Other reviews (cont.)
Lay Low – Farewell Good Night’s Sleep
As wilfully experimental as the cash-strapped Icelandics are, to my knowledge, they have never before tried their arm at country and western. Lay Low is Lovísa Elísabet Sigrúnardóttir and she is, as such, in audacious and unchartered waters, without local peers, but with bucket-loads of respect for the chosen genre. Her collection of light toe-tappers is overlaid with her eiswine-like vocal, sweet and frosty, ressembling fellow Icelander Emilíana Torrini’s slightly ethereal and lingering delivery.
The gentle and atmospheric alt-folk of ‘By And By’ is an extension of First Aid Kit’s lady brand of Nordic campfire pleasers, and is representative of the washing-overly pleasant and unchallenging sound echoed across the album. Sadly, this easy-listening quality has brought unwanted and unfair Norah Jones comparison, an inept mistake that is blown out of the water on ‘The Reason Why My Heart’s In Misery’, a stunningly effective country plodder with piano, percussion and peddle steel aplenty. Such is its simple power that other moments of anonymity are easily forgiven in its wake.
Farewell Good Night’s Sleep is not rousing enough to bid that promised farewell to nocturnal rest and is all the better for being more inclined to lull the listener toward a well deserved forty winks with its soporific melodies. A touch less like aural wallpaper and Lay Low would be caused to stand proud.
Bowerbirds – Upper Air
‘In The Ascendancy’
It is said that upon hearing Bowerbirds, Justin Vernon, of Bon Iver fame, no longer wished to release For Emma, Forever Ago for fear of having been trumped. He needn’t have worried his beardy head because whilst Upper Air, and its worthy predecessor, Hymns For A Dark Horse, are both high calibre alt-folk, singer-songwriting releases, Vernon held the trump card. Bowerbirds are boyfriend and girlfriend and live in an Airstream mobilehome in North Carolina and possess a certain degree of smugness, acquired by their enviable existence and simple way of making a living. Vernon had clearly lost his Emma, and as such his brand of confession was cathartic and atmospheric. Upper Air is like that, only less so.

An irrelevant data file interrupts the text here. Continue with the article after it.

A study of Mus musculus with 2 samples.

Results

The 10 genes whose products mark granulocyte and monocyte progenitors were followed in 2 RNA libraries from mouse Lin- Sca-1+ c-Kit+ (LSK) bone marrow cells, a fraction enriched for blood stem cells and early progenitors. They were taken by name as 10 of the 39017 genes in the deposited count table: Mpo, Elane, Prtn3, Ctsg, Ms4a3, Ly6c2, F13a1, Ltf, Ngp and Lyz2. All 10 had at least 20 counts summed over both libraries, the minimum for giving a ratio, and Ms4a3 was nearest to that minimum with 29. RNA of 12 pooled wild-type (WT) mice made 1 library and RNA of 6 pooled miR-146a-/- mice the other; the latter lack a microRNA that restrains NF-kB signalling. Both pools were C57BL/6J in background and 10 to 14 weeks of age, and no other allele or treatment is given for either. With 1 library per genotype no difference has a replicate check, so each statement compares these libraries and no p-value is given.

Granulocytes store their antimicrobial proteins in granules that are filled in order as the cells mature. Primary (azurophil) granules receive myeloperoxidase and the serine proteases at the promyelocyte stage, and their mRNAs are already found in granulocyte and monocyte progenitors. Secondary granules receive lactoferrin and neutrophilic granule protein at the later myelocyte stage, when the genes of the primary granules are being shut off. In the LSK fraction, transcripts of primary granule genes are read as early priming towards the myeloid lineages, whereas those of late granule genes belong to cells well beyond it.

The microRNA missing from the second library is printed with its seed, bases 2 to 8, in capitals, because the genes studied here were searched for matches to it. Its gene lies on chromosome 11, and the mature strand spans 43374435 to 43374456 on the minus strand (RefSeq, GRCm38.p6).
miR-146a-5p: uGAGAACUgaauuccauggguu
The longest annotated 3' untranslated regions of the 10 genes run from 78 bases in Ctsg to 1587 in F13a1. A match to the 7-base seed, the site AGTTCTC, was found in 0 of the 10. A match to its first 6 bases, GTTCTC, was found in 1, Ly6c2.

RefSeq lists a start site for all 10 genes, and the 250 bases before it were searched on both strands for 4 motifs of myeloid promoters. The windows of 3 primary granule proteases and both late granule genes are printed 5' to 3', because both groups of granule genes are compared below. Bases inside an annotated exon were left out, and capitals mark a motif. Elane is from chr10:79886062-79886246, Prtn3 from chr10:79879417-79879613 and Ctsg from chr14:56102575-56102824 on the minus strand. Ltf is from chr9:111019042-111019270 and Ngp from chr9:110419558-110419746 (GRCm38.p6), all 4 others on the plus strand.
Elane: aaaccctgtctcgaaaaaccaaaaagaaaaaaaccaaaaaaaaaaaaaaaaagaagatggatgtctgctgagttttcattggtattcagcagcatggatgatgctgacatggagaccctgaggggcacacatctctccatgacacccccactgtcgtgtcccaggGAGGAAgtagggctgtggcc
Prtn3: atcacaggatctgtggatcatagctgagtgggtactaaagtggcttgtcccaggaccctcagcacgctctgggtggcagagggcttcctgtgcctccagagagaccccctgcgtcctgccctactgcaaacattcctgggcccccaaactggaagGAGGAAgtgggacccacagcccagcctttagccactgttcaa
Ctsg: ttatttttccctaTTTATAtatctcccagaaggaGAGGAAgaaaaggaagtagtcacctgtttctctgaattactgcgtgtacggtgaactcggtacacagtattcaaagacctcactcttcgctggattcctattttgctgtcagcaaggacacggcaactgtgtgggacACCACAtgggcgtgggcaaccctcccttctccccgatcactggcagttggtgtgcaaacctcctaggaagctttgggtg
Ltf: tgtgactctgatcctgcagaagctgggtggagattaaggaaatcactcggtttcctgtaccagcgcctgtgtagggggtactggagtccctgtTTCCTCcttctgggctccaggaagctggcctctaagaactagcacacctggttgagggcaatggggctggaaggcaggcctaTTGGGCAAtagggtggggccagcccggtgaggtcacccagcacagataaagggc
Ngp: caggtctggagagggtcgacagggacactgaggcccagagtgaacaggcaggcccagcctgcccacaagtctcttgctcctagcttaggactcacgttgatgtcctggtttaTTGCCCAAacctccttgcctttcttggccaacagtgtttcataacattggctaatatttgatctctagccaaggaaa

It is difficult not to compare the records further. For example, the sparse harmonies of ‘Ghost Lift’ are a straight lift from For Emma. However, there are other valid points of comparison. Phil Moore’s vocal recalls Andrew Bird, as do several tracks, notably the opener, ‘House Of Diamonds’, after its minimalist opening when the strings arrive. His ladyfriend Beth Tacular adds accordion and the occasional reedy vocal to the mix.
The biggest point of reference however is their own debut, Hymns For A Dark Horse. In essence, this is a verbatim retread, pleasant afresh, but still not revolutionary. There are notable elements of progression however, ‘Silver Clouds’ is their strongest track to date, the purely acoustic and poignant ‘Skinny Love’ of Upper Air, until the tempo is upped with 40 seconds to go. ‘Crooked Lust’s finger picking adds variety and introduces a desire to return the album, which without may well not have been present thanks to the relative non-event of rolling album closer ‘This Day’. Upper Air isn’t stratospheric, nor really a spreading of wings, but Bowerbirds are certainly in the ascendancy.
Sweethead – The Great Disruptors
‘Heads For Familiar Ground’
Queens Of The Stone Age’s Troy van Leeuwen and two members of the Mark Lanegan Band (no, not the ubiquitous collaborator himself) ought to make a better poppish, punk-rock, supergroup EP than this. Despite initial concerns, and presumably thanks to front-woman Serrina Sims and her smooth, come-hither vocal, the Sweethead ensemble have put together two (including the title track) promising QOTSA-meets-Garabage rockers to show Brody Dalle’s new Spinnerette which way is up. Two lesser numbers fill out the ranks, a little lost amongst Leeuwen’s trademark, fuzzy bass. The EP is capped with an entirely complimentary but unnecessary cover of the Kinks’ ‘Tired Of Waiting Of You’ to round off a harmless but indifferent release.